General Catering Policies
Food at Off-Campus and On-Campus Events
Food purchases under $400 must be from a licensed food service provider. Food purchases over $400 for events must use an approved caterer. View the full list and related policies here.
Cookouts are not allowed on campus
Cooking raw food requires an approved caterer with appropriate food service permit, insurance and licenses.
Bake Sale Safety Guidelines
Bake sales are permitted, but must following the following safety guidelines.
Virtual Meetings, Events and Celebrations- Guidelines for Payment or Reimbursement of Meals
Faculty, staff, students and other attendees who are virtual should have access to meals at their remote location. Thus, meal delivery services like DoorDash, Grubhub, Uber Eats, etc. should not be used to deliver meals to individuals or to provide gift cards or promotional codes to allow individuals to order meals. The intent of existing policies is to pay for or reimburse for meals that would allow work, a meeting or an event to continue when food is not readily available.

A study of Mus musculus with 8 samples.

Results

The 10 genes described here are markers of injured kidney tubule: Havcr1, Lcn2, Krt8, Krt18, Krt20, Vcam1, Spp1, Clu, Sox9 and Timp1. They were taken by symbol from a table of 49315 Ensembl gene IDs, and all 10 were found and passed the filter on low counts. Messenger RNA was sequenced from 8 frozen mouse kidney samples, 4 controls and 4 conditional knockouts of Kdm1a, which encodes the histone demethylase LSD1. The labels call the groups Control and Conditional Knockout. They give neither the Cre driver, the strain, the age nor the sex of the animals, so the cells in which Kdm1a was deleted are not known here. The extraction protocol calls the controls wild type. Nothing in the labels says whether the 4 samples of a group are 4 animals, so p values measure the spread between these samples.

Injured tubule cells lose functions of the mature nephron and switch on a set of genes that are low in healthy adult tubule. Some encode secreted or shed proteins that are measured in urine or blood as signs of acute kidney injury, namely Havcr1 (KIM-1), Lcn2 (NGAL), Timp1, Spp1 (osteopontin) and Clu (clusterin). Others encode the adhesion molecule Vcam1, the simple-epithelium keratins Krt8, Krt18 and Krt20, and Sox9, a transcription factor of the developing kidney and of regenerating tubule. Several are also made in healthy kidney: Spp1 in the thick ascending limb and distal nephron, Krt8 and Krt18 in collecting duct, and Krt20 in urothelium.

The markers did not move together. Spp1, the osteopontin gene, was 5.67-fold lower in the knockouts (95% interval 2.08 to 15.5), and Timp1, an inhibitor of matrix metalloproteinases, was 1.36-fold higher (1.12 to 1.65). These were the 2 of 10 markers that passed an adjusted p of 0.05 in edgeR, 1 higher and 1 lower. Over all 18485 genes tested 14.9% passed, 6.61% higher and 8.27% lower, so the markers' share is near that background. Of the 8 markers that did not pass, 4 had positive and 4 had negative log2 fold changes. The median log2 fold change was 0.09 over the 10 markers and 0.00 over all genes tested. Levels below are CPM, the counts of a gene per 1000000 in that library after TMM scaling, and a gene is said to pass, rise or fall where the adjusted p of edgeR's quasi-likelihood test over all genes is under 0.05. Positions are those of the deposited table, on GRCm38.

Catering Procurement Procedures
Food/Group Meal Documentation
All food expenses processed through Accounts Payable, paid via PCard, or check request must include the Food/Group Meal form when submitting your estimate and final invoice. This includes catered events, restaurant dining, and delivered meals. Meal per diem limits are imposed for most state-funded events. You may use a PCard when you order ahead of time from the office for delivery or pick up. Read more about the policy here.
If you use Georgia Tech Catering and manage the billing internally, there is no need for a PO nor a Food/Group Meal form. Meal per diem limit policies would still apply.
All-Inclusive Meeting/Event Per-Person Cost
One best practice to use if your workshop or conference is off site is the All-Inclusive Meeting or Complete Meeting Package that can cover all expenses related to meetings. This practice, using a line item that gives the dates for the all-inclusive meeting package with the number of attendees and cost broken out per person, is the best way to go. If you attempt to itemize the meals and lodging, all state travel regulations are imposed and could become quite burdensome when trying to apply all the costs and regulations associated with this one workshop/conference. Plus, if you miss something, it may throw up a red flag to the auditors.